Diamondbacks Sign Jon Garland

The Diamondbacks struck out with Randy Wolf, but they apparently were a hit with Jon Garland in their second effort to sign him. According to multiple media reports, Garland and the D-backs have agreed to a one-year deal with a mutual option for 2010.

The Diamondbacks struck out with Randy Wolf, but they apparently were a hit with Jon Garland in their second effort to sign him.  According to multiple media reports, Garland and the D-backs have agreed to a one-year deal with a mutual option for 2010.

Arizona had made Garland another offer earlier this winter, and he had rejected it.  The same happened recently with Wolf, who passed on a one-year contract offer. The D-backs also courted Wolf after the 2006 season, before he signed a one-year, $7.5 million contract with the Dodgers, a figure Arizona did not want to reach because of injury concerns following Wolf's 2006 season in Philadelphia.

Wolf's 2007 deal with Los Angeles included an $8 million option with a $500,000 buyout. The Dodgers failed to exercise the option, but the sides came together on a $4.75 million contract in 2008. Before the July 31 non-waiver trade deadline last summer, the Dodgers traded Wolf to Houston, where he went 6-2 with a 3.57 ERA in 12 starts.  According to FoxSports.com, Wolf turned down a three-year, $28.5 million offer to return to Houston earlier this winter.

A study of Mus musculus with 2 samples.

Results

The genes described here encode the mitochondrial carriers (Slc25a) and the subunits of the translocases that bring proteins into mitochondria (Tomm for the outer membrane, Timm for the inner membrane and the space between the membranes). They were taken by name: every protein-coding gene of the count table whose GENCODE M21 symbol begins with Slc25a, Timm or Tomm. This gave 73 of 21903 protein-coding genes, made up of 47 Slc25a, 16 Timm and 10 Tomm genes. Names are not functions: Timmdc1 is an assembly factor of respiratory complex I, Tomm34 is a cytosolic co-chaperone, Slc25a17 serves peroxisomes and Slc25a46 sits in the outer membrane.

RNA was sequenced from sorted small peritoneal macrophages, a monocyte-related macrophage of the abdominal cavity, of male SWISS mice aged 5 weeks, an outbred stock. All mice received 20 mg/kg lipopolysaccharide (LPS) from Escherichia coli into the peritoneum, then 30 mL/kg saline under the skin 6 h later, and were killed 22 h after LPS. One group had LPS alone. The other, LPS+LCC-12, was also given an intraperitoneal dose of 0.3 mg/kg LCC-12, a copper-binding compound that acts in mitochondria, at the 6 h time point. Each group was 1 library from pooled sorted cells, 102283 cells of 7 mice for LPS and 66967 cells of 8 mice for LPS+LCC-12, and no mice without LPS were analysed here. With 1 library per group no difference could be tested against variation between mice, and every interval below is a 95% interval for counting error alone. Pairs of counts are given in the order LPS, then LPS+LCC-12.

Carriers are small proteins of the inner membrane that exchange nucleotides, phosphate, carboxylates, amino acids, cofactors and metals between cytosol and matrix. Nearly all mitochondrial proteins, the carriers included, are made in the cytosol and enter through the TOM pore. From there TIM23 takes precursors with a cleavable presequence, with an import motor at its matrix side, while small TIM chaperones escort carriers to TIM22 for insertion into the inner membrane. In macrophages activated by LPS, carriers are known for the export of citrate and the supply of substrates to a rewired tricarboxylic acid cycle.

Garland figures to slot behind Brandon Webb and Dan Haren in the rotation, taking the departed Randy Johnson's spot ahead of Doug Davis and Max Scherzer.

Garland declined salary arbitration from the Angels after making $12 million last season despite the fact that would have made at least $9.6 million in arbitration, since players can receive at worst a 20 percent pay cut from the previous year. His deal with Arizona, according to ESPN.com, is for $6.25 million in 2009 and the option for 2010 is for $10 million. Should the D-backs not elect to pick up the option, they would have to pay a $2.5 million buyout. If Garland declines the option, Arizona would owe him $1 million.

Garland's groundball percentage of 49.9% was 4th highest in the American League last year among qualifying pitchers.  That propensity to induce ground balls should help him to succeed in the hitter-friendly Chase Field so long as the Diamondbacks' infield defense, which is bad on paper, can play better this season.

Even if Garland does not pitch like the ace he was in the White Sox' 2005 Championship season, he has not failed to throw 190 innings in any of his seven years as a full-time starter.  His solid, reliable innings will allow the Diamondbacks to take it easy on young phenom Max Scherzer's workload.